PARK RIDGE, Ill. Wind River Systems Inc. will make its move on the embedded DSP world today. Just as the Embedded Systems Conference gets under way in San Francisco, Wind River is rolling out a development platform for DSP-powered applications.
Known as VSPWorks, the new product is believed to be a key to enabling Wind River to keep a foothold in the wireless market, especially as that market migrates to third-generation (3G) systems. "With the whole world getting so excited about 3G wireless, there's going to be a lot of interest in DSP," noted Daya Nadamuni, senior analyst for Gartner Dataquest (San Jose, Calif.). "Most of those systems are going to have a DSP on board."
The company's new platform will provide developers with the VSPWorks real-time OS (RTOS) and a graphical user interface-driven integrated development environment. The IDE is said to be optimized for creating applications with small-memory footprint requir ements using multiple DSPs or a combination of DSPs and traditional CPUs.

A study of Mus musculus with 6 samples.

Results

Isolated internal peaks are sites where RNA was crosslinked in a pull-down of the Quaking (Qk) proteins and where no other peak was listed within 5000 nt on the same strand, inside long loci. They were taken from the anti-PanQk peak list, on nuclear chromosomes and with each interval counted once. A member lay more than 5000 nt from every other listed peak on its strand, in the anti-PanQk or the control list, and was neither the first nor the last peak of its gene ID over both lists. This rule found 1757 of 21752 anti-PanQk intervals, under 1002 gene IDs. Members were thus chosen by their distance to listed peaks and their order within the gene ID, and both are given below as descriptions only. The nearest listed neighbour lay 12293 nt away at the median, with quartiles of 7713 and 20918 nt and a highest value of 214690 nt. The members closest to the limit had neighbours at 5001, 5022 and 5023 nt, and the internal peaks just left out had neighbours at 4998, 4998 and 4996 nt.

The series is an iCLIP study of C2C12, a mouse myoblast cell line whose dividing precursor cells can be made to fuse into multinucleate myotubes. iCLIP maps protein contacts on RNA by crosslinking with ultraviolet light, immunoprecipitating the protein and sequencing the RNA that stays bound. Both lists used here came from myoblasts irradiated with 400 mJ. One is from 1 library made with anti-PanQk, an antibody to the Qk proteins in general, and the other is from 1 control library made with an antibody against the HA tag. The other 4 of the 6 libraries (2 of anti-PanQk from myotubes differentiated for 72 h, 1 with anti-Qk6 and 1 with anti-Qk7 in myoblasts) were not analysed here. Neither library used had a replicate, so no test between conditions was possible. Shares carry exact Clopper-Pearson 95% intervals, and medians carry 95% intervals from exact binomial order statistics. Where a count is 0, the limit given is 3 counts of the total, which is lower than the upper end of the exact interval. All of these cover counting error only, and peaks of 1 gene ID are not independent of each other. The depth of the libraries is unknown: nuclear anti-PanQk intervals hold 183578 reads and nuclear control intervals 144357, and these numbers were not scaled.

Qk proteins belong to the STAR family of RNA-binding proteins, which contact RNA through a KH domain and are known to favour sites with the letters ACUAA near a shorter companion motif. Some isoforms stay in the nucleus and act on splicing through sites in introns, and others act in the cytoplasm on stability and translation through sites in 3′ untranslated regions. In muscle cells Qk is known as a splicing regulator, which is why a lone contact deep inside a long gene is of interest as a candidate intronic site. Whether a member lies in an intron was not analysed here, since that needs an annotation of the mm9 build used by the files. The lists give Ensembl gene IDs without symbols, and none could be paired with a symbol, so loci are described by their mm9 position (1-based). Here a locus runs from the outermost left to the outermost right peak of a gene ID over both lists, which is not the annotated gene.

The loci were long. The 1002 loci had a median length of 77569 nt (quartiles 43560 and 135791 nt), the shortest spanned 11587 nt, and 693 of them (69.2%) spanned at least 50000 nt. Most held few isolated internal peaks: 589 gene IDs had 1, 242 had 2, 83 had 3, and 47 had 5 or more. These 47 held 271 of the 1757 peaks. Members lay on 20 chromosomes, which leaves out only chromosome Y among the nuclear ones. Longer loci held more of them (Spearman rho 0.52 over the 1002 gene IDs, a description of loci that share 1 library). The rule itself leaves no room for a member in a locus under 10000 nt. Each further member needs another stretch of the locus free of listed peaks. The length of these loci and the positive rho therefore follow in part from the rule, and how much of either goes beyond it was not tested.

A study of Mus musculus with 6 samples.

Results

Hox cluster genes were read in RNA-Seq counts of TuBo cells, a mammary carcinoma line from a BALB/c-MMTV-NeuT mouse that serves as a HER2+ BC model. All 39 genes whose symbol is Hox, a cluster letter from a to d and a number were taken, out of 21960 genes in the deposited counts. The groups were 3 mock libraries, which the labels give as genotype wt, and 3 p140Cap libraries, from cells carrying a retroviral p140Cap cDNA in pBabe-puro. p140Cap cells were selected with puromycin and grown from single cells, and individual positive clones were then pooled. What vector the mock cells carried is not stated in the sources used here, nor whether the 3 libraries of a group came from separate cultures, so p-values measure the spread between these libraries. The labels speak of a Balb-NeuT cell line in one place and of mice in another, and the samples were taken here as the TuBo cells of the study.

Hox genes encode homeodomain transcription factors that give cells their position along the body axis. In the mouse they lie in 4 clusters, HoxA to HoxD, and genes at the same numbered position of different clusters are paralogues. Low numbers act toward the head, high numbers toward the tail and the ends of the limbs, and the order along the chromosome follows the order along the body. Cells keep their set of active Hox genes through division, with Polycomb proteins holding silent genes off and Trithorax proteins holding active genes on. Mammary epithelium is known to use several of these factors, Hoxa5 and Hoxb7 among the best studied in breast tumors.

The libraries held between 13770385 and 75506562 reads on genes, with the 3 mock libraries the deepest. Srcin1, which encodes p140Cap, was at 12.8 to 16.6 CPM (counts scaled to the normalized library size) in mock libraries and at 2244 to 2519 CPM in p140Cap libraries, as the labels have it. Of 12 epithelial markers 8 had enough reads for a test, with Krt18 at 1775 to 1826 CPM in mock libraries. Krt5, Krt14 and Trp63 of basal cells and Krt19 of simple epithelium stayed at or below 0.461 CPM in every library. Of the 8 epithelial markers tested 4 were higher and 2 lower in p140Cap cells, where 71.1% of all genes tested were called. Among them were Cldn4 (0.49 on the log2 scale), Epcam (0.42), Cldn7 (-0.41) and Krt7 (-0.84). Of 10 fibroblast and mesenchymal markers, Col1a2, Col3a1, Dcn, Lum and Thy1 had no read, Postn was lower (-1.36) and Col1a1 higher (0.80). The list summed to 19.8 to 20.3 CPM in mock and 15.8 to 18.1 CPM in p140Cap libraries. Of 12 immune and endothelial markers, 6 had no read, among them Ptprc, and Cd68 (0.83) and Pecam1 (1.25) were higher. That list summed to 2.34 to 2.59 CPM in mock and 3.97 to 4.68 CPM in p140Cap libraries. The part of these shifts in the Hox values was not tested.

The new product rollout gives Wind River an entry into the DSP RTOS market, which up until now has been populated by a large percentage of users who wrote their own operating systems.
A few commercial operating systems have been offered up to now, including OSE Systems' (San Jose, Calif.) OSE RTOS, which has been used by such customers as Ericsson and Agere Systems Inc., and RidgeRun Inc.'s (Houston) DSPLinux operating system. At the end of last year, RidgeRun teamed with Texas Instruments Inc. to deliver an "end-to-end" embedded Linux development suite for TI DSPs.
Still, commercial real-time OSes haven't yet taken hold in the DSP market, analysts said. "A lot of DSP operating systems are still being developed in-house," Nadamuni said. "But that will start to change soon."
One reason for the change is the rising popularity of DSPs. A recent EE Times branding survey revealed that 55 percent of de velopers have used multiprocessor designs, and a large majority of developers say they are willing to move back and forth from traditional CPUs to DSPs.
"We're seeing increased complexity, as well as developers who are building systems with new kinds of components," said Gareth Noyes, market development manager for Wind River's DSP and multicore products.